Occupiers' Liability Act and obvious risks

In this case the Court of Appeal considered the question of whether a hotel owner could defend an occupier’s liability claim on the basis that a guest who fell to his death from an open window, with a very low windowsill, had elected to take an obvious risk.

The Defendant relied on a line of cases including Tomlinson v Congleton BC, Edwards v Sutton BC and Geary v JD Wetherspoon, where the Court had concluded that the hazards of which the Claimants were complaining were so obvious that no remedial steps by the occupiers needed to be taken.

However in the White Lion case the Court of Appeal drew a distinction between cases where there is no duty to warn of an obvious risk inherent in activities carried out on the Defendant’s land, such as hang gliding, or swimming in or diving into pools, and the duty owed to a particular visitor to a hotel who is in a "home from home" situation.  The Court felt that hoteliers should be aware that guests could be off guard and might drink alcohol and/or open windows to smoke.

The White Lion case underlines the point that all occupier’s liability cases are fact-specific. The Court found that a risk assessment would have identified that the sash window in the hotel room was defective and could be opened fully.  The windowsill was unusually low. The risk of someone falling from the window was foreseeable rather than remote.  There would have been no significant loss of social value by fitting restrictors to limit the opening of the window and this could have been done at negligible cost – in contrast with the Edwards case where the Court had concluded that fitting rails to the low wall on an ornamental bridge would be unduly expensive, and would have spoilt the character of the bridge.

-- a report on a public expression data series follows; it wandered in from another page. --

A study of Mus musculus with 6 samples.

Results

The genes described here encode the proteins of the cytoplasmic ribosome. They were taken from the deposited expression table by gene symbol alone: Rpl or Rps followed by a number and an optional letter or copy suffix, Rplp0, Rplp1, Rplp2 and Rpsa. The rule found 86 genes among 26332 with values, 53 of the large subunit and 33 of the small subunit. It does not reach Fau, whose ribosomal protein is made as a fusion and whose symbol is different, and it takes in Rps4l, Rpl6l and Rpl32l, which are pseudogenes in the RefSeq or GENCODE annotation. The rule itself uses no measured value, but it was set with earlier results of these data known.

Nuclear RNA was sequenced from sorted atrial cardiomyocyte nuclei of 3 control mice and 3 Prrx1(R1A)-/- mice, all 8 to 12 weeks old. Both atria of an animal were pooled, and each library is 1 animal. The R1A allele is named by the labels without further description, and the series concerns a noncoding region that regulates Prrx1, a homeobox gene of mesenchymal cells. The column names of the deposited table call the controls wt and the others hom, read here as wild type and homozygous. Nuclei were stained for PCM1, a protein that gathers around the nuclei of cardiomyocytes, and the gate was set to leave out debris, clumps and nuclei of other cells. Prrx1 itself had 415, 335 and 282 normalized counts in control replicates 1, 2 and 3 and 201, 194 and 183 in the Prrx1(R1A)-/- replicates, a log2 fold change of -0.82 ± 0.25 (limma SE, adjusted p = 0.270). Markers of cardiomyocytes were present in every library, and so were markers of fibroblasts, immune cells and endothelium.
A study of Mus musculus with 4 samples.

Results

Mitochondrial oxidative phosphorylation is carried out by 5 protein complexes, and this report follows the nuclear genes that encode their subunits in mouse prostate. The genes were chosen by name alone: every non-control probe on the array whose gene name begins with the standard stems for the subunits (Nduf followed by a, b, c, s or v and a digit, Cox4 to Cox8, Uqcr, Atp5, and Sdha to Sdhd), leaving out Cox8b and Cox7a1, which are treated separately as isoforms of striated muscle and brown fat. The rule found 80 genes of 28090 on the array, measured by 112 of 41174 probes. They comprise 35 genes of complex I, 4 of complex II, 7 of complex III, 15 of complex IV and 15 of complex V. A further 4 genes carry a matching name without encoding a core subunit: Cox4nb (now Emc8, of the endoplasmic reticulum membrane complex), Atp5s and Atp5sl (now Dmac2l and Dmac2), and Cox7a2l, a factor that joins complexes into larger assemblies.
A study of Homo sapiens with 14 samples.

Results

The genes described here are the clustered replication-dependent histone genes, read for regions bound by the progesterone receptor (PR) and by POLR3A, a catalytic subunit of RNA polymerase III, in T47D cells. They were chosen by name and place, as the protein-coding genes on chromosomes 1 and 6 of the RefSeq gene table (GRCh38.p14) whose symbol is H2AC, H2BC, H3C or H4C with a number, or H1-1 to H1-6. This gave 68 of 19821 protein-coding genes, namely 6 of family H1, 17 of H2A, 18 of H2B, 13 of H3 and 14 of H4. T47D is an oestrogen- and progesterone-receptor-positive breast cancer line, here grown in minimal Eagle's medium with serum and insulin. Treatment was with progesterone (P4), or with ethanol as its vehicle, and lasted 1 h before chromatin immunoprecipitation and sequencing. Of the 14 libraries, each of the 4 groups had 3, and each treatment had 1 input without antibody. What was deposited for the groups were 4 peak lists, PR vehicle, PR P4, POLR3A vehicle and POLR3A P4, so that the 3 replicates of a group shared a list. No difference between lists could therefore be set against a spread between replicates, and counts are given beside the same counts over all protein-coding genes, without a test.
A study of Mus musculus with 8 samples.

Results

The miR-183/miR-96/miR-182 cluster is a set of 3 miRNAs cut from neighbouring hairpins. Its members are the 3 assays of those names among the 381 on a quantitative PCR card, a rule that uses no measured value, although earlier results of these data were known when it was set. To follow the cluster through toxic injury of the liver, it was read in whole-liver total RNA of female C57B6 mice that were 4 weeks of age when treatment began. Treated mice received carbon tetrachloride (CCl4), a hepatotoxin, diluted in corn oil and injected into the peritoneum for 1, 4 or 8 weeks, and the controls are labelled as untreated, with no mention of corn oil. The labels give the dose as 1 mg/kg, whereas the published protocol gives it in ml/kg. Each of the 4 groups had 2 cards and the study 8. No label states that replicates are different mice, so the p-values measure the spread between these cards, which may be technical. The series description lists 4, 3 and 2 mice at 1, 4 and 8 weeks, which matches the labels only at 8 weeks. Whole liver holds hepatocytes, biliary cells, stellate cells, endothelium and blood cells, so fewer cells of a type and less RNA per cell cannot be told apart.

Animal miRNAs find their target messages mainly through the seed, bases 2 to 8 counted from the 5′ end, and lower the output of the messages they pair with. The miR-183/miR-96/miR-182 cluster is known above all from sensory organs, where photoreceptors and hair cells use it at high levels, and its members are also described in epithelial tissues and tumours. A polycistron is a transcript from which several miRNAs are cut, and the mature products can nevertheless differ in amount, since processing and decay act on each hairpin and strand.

This case may have ramifications for insurers of domestic properties, particularly where (for example) the insured has guests staying with them who are injured as a consequence of hazards which the insurer might argue were obvious. The Court of Appeal did not expand on the concept of “home from home” situations, and the scope of this concept may be tested in future cases.

The White Lion case emphasises that each case needs careful analysis. Whether remedial measures are required to rectify (even) obvious risks to visitors, depends on whether they arise from a defect in the premises, the nature of the risk, their cost and the extent to which they interfere with the use and character of the property.


If you would like to discuss this topic in more detail, please contact Adrian Neale, Associate.